Wednesday, June 20, 2012

Reject plan for coal export terminals - it's the neighborly thing to do

Americans have decided that we don't want coal-fired power plants here at home. Community groups have blocked construction of new coal plants for the last decade. Many states-including Washington!-are phasing out existing plants.

But to keep their profits high, greedy coal companies want to move strip-mined coal from Montana and Wyoming 1,500 miles by open rail car, through Washington and Oregon communities to be burned in Asia. In an op-ed last week for The News Tribune, Earth Ministry board member and Christian ethics professor, Kevin O'Brien, explained why coal export is not compatible with his faith.

O'Brien begins with Jesus' commandment to "love our neighbors as ourselves" and points out that this golden rule is a universal ethical principle, not unique to Christianity. In fact, people from all faith traditions and even those without a faith background strive to treat others as we would like to be treated.

Beginning with our neighbors at home, O'Brien argues that coal export does not follow this golden rule. The coal dust blown off the coal trains traveling through Washington and the Northwest contains heavy metals which rob our children and communities of their health. Additionally, the mile-long coal trains stall traffic and split cities, potentially blocking ambulances from hospitals they need to reach.

However, allowing coal export is not only being a bad neighbor within the Pacific Northwest but also abroad.
Refusing to export coal is, finally, the right thing to do for our world. If coal is too dirty for us to burn here in Washington, then we should not send it across the ocean where it will poison others. In the face of a changing climate, we all have a vested interest in keeping fossil fuels in the ground rather than allowing them to pollute our atmosphere.

It is true that developing economies in Asia need energy sources, but we should offer tools for clean and renewable power rather than dirty fossil fuels. If we truly care for our neighbors around the world, we must say no to coal export terminals.
As people of faith, we must make the moral choice in caring for our neighbors and the Earth. Join with Kevin O'Brien, Earth Ministry, and numerous faith leaders in being good neighbors by rejecting coal export!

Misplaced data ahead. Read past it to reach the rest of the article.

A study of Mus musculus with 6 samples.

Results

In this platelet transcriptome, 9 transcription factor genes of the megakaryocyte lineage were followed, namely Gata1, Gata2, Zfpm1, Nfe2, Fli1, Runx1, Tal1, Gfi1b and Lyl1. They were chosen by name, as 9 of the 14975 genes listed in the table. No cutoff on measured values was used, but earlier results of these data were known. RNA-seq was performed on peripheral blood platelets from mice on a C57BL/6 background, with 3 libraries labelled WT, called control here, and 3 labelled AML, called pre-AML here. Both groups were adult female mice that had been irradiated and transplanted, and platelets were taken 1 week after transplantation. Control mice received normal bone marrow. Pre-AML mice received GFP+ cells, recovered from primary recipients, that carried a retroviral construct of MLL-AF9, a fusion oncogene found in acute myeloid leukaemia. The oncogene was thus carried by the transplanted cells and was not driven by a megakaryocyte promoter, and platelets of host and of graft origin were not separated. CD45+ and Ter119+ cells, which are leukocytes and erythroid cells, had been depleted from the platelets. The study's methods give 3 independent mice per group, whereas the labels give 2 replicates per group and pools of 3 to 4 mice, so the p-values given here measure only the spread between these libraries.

Read O'Brien's full op-ed online at The News Tribune.

Tuesday, June 12, 2012

Sacred Acts by Mallory McDuff

From evangelicals to Episcopalians, people of faith are mobilizing to confront climate change. Now on sale, Sacred Acts, is a new, unique anthology by Mallory McDuff. The book brings together stories from across North America of contemporary church leaders, parishioners, and religious activists who are working to define a new environmental movement, where honoring the Creator means protecting the planet.

Sacred Acts documents the diverse actions taken by churches to address climate change through stewardship, advocacy, spirituality, and justice. The book features a chapter written by Earth Ministry's Executive Director, LeeAnne Beres, and Program and Outreach Director, Jessie Dye. Their chapter is entitled "From Church Sanctuaries to the Steps of the Capitol: Faithful Advocacy for a Coal-Free Washington" and details the faith community's leadership in successfully passing a bill in 2011 to phase out Washington's only coal-fired power plant.

LeeAnne and Jessie describe how faithful advocacy builds upon individual faith formation and congregational work to live out Jesus' call to discipleship. They recall Earth Ministry's own development and the need for all three of these branches. Together, committed individuals, greening congregations, and faithful advocates have the power and strength to make a real difference in the sustaining the Earth. Earth Ministry's success in leading a Coal-Free Washington is proof of just that.

Order your own copy of Sacred Acts here! A percentage of the proceeds of sales through this link benefits Earth Ministry.

Other chapters focus upon food and faith, mountaintop removal in Applalachia, environmental justice. Sacred Acts is an orientation to the environmental stewardship of churches across the United States. The book's case studies show the impact that faith communities are having upon climate change.

Have you already read Sacred Acts? Let us know your thoughts and insights in the comments section below.